FEDERAL COURT STRIKES DOWN NORTH DAKOTA STATUTE THAT SOUGHT TO LIMIT FEES CHARGED BY AIR AMBULANCE COMPANIES

            On January 14, 2019, Chief Judge Daniel L. Hovland of the United States District Court for the District of North Dakota held that a North Dakota statute limiting the fees charged by air ambulance companies was preempted by the federal Airline Deregulation Act (ADA) and struck it down.  The ruling, however, upheld the law’s provision prohibiting air ambulance companies from offering subscription services because that provision regulated the business of insurance and, therefore, was saved from preemption by the McCarran-Ferguson Act. 

            The case stemmed from Guardian Flight, LLC’s action seeking a declaratory judgment that a North Dakota law regulating air ambulance services was preempted by the ADA.  Air ambulance companies, like Guardian Flight, transport patients facing medical emergencies, often from rural or remote locations.  Under the federal Emergency Medical Treatment and Labor Act (EMTALA) and state law, air ambulance companies are required to transport emergency patients without regard to their ability to pay.  How much air ambulance companies are paid for their services depends on whether the patient has insurance and whether the air ambulance company is in-network with the patient’s insurance plan.  Where no in-network insurance coverage is available, patients can receive significant balance bills. 

            To address the issue, the North Dakota legislature passed a law regulating aspects of payment for air ambulance services, which was codified at N.D.C.C. §§26.1-47-08 and 26.1-47-09.  Guardian Flight challenged two provisions of the law.  First, it challenged the law’s requirement that payment by an insurer to an air ambulance company be considered full and final payment, thereby prohibiting air ambulance companies from balance billing patients.  Second, it challenged the provision that prohibited air ambulance companies from offering subscription services, pursuant to which individuals paid an annual subscription fee, but then received no further bills in the event they required air ambulance services. The Court analyzed each of the challenged provisions separately, examining first whether they were preempted by the ADA and then whether they were saved from preemption by the McCarran-Ferguson Act.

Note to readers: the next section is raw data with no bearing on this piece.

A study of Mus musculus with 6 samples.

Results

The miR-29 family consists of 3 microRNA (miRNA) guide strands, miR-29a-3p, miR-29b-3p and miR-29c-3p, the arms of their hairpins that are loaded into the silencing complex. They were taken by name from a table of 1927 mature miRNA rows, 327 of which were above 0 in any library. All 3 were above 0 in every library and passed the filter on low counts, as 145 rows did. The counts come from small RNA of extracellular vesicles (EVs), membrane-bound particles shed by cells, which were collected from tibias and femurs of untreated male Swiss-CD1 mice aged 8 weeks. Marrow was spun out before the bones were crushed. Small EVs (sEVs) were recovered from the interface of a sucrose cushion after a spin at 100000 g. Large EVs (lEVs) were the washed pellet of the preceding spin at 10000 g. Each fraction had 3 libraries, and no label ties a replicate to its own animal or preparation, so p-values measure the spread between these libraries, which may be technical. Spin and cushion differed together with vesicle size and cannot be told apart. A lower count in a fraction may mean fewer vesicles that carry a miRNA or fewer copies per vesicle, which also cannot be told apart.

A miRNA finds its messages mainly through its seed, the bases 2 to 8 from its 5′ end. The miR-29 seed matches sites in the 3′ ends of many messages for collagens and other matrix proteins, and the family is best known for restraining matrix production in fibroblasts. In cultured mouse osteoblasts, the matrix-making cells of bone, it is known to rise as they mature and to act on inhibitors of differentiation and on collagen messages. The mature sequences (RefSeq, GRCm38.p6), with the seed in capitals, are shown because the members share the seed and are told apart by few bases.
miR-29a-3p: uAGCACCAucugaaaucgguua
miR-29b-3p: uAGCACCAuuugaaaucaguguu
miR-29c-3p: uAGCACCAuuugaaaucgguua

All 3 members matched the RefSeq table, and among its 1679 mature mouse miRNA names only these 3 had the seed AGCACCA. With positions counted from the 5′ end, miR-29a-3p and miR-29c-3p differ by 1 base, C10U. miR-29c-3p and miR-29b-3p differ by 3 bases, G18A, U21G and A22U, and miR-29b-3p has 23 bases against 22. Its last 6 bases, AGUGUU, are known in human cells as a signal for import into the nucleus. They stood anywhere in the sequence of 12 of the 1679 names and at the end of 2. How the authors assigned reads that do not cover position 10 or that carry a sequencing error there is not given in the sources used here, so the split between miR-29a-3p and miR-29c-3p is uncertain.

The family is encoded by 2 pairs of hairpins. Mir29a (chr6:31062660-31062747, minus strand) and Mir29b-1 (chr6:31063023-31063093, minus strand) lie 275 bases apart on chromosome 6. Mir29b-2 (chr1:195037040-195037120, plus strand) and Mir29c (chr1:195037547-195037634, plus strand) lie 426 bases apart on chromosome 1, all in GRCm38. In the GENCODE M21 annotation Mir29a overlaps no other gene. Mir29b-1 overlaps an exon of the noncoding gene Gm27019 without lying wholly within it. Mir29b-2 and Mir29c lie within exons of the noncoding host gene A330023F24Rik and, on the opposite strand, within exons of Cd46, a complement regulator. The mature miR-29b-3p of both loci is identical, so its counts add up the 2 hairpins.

The ADA preempts state laws “related to a price, route, or service.”  The Court found that insofar as the law mandated that air ambulance companies accept insurance payments as payment in full and prohibited balance billing patients, it “obviously” related to air ambulance rates.  The Court further found that there “can be no question that such interference with air ambulance rates and prices is precisely the type of state regulation Congress sought to prevent when it included an express preemption clause in the ADA.”  Further, because the payment provision altered “the relationship between the provider and the patient rather than the insured and the insurer, it did not regulate the “business of insurance,” and, therefore, was not saved from preemption by the McCarran-Ferguson Act.  This holding was in line with several opinions across the county holding that the ADA preempts laws that impair air ambulance companies’ ability to recover their billed charges. 

            The Court reached a different conclusion with respect to the law’s provision prohibiting subscription services, which Judge Hovland found was saved from preemption.  In conducting his analysis, he looked first to the Black’s Law Dictionary definition of insurance, which provides that “insurance” is a “contract by which one party (the insurer) undertakes to indemnify another party (the insured) against risk of loss, damage, or liability arising from the occurrence of some specified contingency.”  Analyzing the prohibition on subscription agreements in light of this definition, the Court found:  “In the final analysis, we have a contract which, for a small fee, does nothing more than shift the risk of an unforeseeable contingent event from the member to the air ambulance…This is, by definition, insurance….”  Therefore, the prohibition on subscription agreements for air ambulance services was saved from preemption.

            The case is Guardian Flight, LLC v. Godfread, et al., Case No. 1:18-cv-007.  The opinion is linked here.